Admirers ‘Seek to have Henry VII Canonized’
Members of a new organisation, the Society of Henry VII, are seeking to have the late medieval king declared a saint by the Vatican.
Mr. J.S. Artichoke, leader of the shadowy group, explained that his members had nearly all belonged to the Richard III Society, and that one or two had even held office within it in various countries. ‘However,’ Mr. Artichoke continued, ‘we felt that the Society was paying far too much attention to King Richard III and spending too much time trying to repair his reputation. The last straw for many of us was when an article appeared on the Society’s Facebook page that was actually a positive account of Richard III, and not about Elizabeth of York, or Caxton, or the Emperor Chenghua. Admittedly, it was Richard’s birthday, but the common feeling was that it was a bridge too far.’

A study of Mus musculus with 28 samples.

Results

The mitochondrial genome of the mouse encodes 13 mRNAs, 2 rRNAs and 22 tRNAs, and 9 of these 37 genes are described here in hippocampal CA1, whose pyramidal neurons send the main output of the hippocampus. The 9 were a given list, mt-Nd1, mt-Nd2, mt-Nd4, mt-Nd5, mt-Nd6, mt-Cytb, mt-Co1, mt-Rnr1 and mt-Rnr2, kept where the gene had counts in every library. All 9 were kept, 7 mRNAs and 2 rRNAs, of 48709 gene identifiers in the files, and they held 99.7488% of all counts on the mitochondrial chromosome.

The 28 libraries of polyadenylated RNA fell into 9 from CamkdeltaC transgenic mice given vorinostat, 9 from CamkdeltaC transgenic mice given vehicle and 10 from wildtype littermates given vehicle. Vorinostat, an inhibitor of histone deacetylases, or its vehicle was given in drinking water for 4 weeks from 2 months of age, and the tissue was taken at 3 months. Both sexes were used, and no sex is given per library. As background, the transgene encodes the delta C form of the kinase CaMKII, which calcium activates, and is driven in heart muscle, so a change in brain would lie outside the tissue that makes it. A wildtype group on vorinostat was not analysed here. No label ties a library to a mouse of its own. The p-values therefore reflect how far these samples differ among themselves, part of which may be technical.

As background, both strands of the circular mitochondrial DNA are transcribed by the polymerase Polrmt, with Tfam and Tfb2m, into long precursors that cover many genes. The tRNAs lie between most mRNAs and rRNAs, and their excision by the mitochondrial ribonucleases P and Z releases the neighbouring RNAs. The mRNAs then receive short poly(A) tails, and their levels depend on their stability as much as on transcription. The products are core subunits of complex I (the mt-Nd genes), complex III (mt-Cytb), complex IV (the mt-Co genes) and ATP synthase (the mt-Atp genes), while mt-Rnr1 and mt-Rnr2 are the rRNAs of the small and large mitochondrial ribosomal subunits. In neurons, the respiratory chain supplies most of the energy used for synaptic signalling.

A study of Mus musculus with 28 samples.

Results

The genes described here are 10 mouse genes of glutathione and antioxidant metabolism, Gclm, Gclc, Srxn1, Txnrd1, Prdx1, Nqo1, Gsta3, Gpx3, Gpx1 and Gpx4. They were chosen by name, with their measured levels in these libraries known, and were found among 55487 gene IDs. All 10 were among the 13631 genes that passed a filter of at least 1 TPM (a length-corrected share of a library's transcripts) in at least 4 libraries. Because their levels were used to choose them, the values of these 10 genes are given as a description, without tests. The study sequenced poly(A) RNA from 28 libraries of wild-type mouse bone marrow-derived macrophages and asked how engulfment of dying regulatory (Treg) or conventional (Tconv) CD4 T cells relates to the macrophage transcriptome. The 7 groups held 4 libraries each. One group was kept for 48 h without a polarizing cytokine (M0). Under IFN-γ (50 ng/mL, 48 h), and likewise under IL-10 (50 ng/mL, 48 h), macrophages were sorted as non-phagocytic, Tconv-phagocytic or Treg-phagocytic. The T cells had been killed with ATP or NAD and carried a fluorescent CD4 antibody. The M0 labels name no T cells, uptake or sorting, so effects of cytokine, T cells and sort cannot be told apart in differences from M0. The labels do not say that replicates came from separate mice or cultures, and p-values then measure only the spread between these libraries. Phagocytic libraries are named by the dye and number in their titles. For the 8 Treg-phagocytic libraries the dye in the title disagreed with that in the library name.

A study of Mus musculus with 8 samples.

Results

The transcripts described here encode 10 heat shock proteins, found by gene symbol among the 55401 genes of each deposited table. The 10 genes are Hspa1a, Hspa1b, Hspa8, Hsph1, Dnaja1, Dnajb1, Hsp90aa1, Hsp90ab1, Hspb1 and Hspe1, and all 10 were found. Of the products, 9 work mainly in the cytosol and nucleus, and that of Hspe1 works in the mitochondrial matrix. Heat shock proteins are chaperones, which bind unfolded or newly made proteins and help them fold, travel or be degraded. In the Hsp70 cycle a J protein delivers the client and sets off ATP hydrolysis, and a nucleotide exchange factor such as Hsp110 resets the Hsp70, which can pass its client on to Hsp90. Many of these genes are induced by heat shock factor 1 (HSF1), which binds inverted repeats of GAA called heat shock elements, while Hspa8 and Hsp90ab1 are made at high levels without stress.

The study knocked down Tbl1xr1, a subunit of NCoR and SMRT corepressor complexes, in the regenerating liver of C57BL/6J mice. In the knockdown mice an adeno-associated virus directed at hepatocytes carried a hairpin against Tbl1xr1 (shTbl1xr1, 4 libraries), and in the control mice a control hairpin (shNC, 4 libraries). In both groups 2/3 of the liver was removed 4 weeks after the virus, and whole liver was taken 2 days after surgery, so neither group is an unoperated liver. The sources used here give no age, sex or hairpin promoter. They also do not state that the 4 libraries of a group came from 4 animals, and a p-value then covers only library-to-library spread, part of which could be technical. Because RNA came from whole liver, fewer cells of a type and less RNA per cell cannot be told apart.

The Society of Henry VII believes that there are a number of factors that justify his sanctification:
- He loved his mother. (While many men love their mother, this was not common among English kings – except Richard I.)
- He never murdered anyone without giving them a ‘fair trial’ first.
- He had such a horror of violence that he never took part in battles, but instead stood at the back wearing nothing but a suit of armour and a wry grin.
- There is no evidence that he ever had sex outside of marriage.
- He was Welsh. (While some pedants object that Henry was actually only 25% Welsh, the Society has obtained conclusive evidence that he frequently sang Sospan Fach while in the bath with his wife, Elizabeth of York.)
Mr. Artichoke said that on a recent visit to Ashton Market he realised he had no money left for his bus fare. He said a quick prayer to Henry VII, and immediately found 20p in his waistcoat. While this was still not enough for the bus, the miracle enabled him to buy a sherbet dab that comforted him during the 12 mile walk back to Glossop.
A Vatican spokesman assured us that the campaign to sanctify Henry VII was most unlikely to succeed. ‘These are delicate matters,’ he said, ‘and take many long years of painstaking enquiry before any outcome is achieved. However, the Holy Father has to distinguish between saintliness on the one hand, and being a mean-spirited, parsimonious tyrant on the other. In this particular case, it is not really certain that Henry is sufficiently Welsh even to be considered Venerable.’